Untangling the Web of Cloud Security Threats
As organizations migrate to cloud services, it’s critical to know that misconfiguration continues to be one of the major pitfalls of cloud deployment failures. And understanding the most common issues is essential to good cloud health.
One of the biggest challenges facing organizations is a lack of familiarity with how the cloud is operated and how it is different from a purely on-premises system. IT staff need to know the risks of inadequately securing cloud deployments and be familiar with the configuration specifics of their cloud service provider.
The components of cloud systems are interconnected in many ways, making potential attack vectors difficult to map. For IT security personnel who are only starting to get a grip on cloud platforms and services, security presents a daunting endeavor, particularly when there are so many cloud projects happening at once and often unknown by the security team.
Let the experts be of service
The arrival of web services and container services have helped organizations minimize risks that come with cloud adoption, when implemented properly.
Amazon Web Services (AWS) is as a major player in the cloud industry, with Amazon® Simple Storage Service (Amazon S3) the most popular. Some of the issues to be aware of when adopting this technology stem from teams leaving Amazon S3 buckets word-writable and files classified as malicious hosted on Amazon S3 buckets.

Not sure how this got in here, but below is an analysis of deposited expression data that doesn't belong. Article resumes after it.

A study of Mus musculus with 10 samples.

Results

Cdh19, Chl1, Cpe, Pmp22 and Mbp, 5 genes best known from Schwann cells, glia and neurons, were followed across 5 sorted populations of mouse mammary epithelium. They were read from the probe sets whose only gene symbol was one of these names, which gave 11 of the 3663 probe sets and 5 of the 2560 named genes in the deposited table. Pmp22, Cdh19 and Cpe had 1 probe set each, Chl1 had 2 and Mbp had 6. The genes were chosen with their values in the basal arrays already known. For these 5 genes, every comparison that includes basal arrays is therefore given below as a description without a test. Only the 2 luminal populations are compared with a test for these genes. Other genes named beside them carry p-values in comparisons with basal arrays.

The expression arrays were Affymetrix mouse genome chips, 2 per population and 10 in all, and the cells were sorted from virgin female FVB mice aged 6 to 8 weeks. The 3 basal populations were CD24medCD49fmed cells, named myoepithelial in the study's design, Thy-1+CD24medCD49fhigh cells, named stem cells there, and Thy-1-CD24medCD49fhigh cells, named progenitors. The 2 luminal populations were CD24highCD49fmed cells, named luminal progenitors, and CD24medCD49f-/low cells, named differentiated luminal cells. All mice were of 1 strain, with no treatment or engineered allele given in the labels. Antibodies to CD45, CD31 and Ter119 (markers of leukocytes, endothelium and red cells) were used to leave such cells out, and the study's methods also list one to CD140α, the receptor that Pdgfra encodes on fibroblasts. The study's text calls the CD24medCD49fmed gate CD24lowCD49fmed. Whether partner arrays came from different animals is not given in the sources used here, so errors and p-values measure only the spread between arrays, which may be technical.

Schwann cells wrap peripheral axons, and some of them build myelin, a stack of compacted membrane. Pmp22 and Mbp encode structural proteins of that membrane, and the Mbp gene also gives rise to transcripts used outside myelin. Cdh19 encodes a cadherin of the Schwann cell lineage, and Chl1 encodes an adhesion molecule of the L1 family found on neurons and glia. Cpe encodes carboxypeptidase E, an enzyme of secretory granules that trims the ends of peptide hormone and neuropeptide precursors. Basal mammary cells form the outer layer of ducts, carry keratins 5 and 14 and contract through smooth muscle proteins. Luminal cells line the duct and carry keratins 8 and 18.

A second major service available in the cloud is container and serverless technology. For example, Docker®, Kubernetes®, and AWS Lambda® offer lightweight and efficient cloud deployments to organizations looking to streamline their development operations. However, lapses or mistakes in configuration are common, putting systems at risk of attacks that take advantage of these misconfigurations.
Don’t overlook credential security
Credential usage is one of the most important aspects of cloud computing. Since organizations cannot physically secure a cloud system like they can a data center, the need for strong credential security becomes even more magnified. One challenge when it comes to securing credentials is that many processes often need to access data and other resources that require authentication. This means that users need to secure both data and the credentials from exposure.
Another issue comes from inexperienced programmers whom often follow misleading cloud tutorials, many of which encourage the hardcoding of credentials inside the code itself. This becomes an issue if and when the code is published to a repository, where it is accessible—including the credentials—to anyone.
The importance of a robust security implementation
As the adoption of cloud services grows, organizations need to be fully informed about the threats they face and be properly prepared to secure their cloud systems. The benefits of the cloud cannot be realized without a robust security implementation in place. This makes it especially important for IT leaders to retain security personnel who have an intimate understanding of both the structure of the cloud as well as the strategies needed to secure it.
Read our report, “Untangling the Web of Cloud Security Threats,” and get an in-depth look at some of the most significant threats and risks in the cloud, alongside recommendations on how to defend against these.